Something rotten

2008-01-16 00:00

Yesterday’s Witness covered topics which, although they seemed unrelated at first sight, yet could, on closer examination, be seen to be linked — the common threads being corruption in high places and the alleged misconduct of Police Commissioner Jackie Selebi.

First, two readers drew attention to the chaotic baggage handling and security at O.R. Tambo Airport, now one of the least luggage-safe airports in the world. Because of a blend of incompetence (ill-maintained equipment, hopelessly inefficient handling) and systematic dishonesty (the rifling of luggage and wholesale theft of bags), travel into and out of South Africa has become a nightmare. The publication of the readers’ letters coincided with yesterday’s radio interview with Paul O’Sullivan, former aviation security chief executive at the airport. In 2002 and again in 2005 O’Sullivan, concerned that the then developing luggage chaos was the fault of a corrupt and incompetent contractor, tried to have that contractor removed and replaced with one more able and trustworthy. His efforts were allegedly blocked or interfered with by Selebi. It’s alleged, too, that Selebi was protecting not only the contractor, but persons in high places who were benefiting in one way or another from the contract.

Second comes the report that charges — of corruption and defeating the ends of justice —against Gerrie Nel, head of the Directorate of Special Operations (DSO, otherwise known as the Scorpions) in Gauteng, have been withdrawn. Police arrested him last Tuesday and it is impossible not to conclude that the arrest was related to the Scorpions’ investigation of Selebi, who was later charged and suspended from office. The attempt by police to remove Nel — and, presumably, to prevent the Scorpions from uncovering further incriminating evidence — falls into line with a number of other unprocedural or strange developments. These include the unexplained suspension of former National Prosecutions Authority (NPA) head Vusi Pikoli, at the time, significantly, when the possibility of charges against Selebi were first mooted. And it’s curious that the deliberations of the Ginwala Commission, tasked with investigating the Pikoli matter, have been so extraordinarily slow.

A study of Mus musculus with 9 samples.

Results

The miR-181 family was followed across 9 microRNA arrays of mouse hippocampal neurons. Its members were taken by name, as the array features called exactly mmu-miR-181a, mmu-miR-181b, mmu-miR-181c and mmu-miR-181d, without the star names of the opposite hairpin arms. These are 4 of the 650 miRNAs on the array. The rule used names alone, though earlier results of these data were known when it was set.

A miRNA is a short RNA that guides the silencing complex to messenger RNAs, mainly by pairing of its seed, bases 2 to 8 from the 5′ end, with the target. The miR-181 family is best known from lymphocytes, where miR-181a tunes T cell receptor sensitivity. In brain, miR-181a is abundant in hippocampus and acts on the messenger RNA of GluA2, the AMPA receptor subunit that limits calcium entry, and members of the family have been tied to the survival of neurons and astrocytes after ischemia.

Since the delay has, in part, been caused by government’s failure to provide the commission with its submission, this looks very much like deliberate government foot-dragging. Although it is yet to be proven, it seems that South Africans are beginning to glimpse something of an extensive web of deceit involving elements in the police and criminals, both in the government and outside it, with various greedy and dishonest individuals watching one another’s backs and looking after their own interests by liberally disbursing bribes and protection money whenever necessary.

How may this meshwork be unravelled? The most immediate answer is that Selebi’s activities must be thoroughly and publicly investigated and that when the evidence is complete he must be brought to trial. If he is found guilty, he must be punished with the utmost severity. No one is above the law and corruption in the upper echelons of the police force brings the SAPS into disrepute and is utterly unacceptable. In the longer term, it is essential that the Scorpions retain their independence and that they not be absorbed into the SAPS. So far they have done an outstanding job of sniffing out and acting against corruption and anything that would dilute or nullify their efforts should be resisted at all costs.